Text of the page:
Aquaculture for all

BC First Nations File Class-Action to Save Wild Salmon

Salmonids Sustainability Politics +3 more

CANADA - British Columbian First Nations say that the devastation of Broughton Wild Salmon leaves them no alternative but to file for class-action law suit.

The next step has been taken in the Kwicksutaineuk/Ah-Kwa-Mish First Nation's (KAFN) Class-Action law suit against the British Columbia Government for the devastation caused by open net-cage salmon farming in their Territories. The KAFN launched the law suit on February 4th, 2009 and today served a Motion for Certification.

Bob Chamberlin is Chief of the KAFN and the Representative Plaintiff in the court case. Chief Chamberlin explained, "Legal action is necessary given that intervention is urgently needed to save the wild salmon of our Territory, the Broughton Archipelago. Despite years of intensive efforts to engage the B.C. government to achieve improvements to salmon farming regulation and thereby reduce the impacts to wild salmon, the response has been to delay, deny and distract."

The wild salmon are fundamental to the cultural and spiritual integrity of the KAFN and to the ecological integrity of their Territory. When juvenile pink and chum salmon migrate out to the open ocean, they must run a gauntlet of open net-cage salmon farms which are breeding grounds for parasitic sea lice and disease. There is an ever-increasing body of peer-reviewed, published science confirming the severe impacts of these open net-cage farms and some stocks in the Broughton are facing extinction. Chamberlin referenced the study by M. Krkosek et al. from 2007, "Predictions have been made that, with sea lice eliminating up to 80 per cent of the annual wild salmon returns to the area, local extinction is possible by 2011. The impacts of open net-cage salmon farming continue to severely threaten the wild salmon that are essential to the survival of our distinct aboriginal culture."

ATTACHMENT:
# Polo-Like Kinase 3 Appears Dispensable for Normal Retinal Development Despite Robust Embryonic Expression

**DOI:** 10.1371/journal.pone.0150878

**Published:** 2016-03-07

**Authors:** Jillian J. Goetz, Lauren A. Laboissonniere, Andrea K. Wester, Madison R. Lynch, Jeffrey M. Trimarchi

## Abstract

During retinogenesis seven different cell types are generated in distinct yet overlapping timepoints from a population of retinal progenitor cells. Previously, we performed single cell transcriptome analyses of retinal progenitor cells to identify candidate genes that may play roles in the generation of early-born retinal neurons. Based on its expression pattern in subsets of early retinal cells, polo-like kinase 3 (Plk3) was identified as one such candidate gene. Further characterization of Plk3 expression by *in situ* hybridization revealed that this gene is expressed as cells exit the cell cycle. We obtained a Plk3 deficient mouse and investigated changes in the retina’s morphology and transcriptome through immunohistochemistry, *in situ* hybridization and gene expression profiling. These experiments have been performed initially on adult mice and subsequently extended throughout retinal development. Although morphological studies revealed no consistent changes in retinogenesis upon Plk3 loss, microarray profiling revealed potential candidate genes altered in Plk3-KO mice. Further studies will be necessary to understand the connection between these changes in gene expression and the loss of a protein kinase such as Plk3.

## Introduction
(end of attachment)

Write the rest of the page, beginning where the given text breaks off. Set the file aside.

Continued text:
In light of the rapid decline of wild salmon populations in the Broughton Archipelago, First Nations say that there is an increased urgency to seek solutions and the KAFN are pressing for the earliest possible certification hearing.

Chief Chamberlin relayed his disappointment in the continued failure on the part of the government to respond to KAFN concerns despite the New Relationship Initiative calling for recognition and respect of aboriginal rights. "Contrary even to the recommendations of the BC government's own advisory body, the Pacific Salmon Forum (PSF), the government has not consulted with us. A recent ruling of the British Columbia Supreme Court determined that the provincial regulation of fish farming is unconstitutional and must be reorganized. This presents an opportunity for dialogue but, while others appear to have been consulted, we have not been approached for our views. Our firsthand knowledge of the impacts of salmon farms in our Territories has not been recognized. Nor have our constitutional rights to fish for food, social and ceremonial purposes."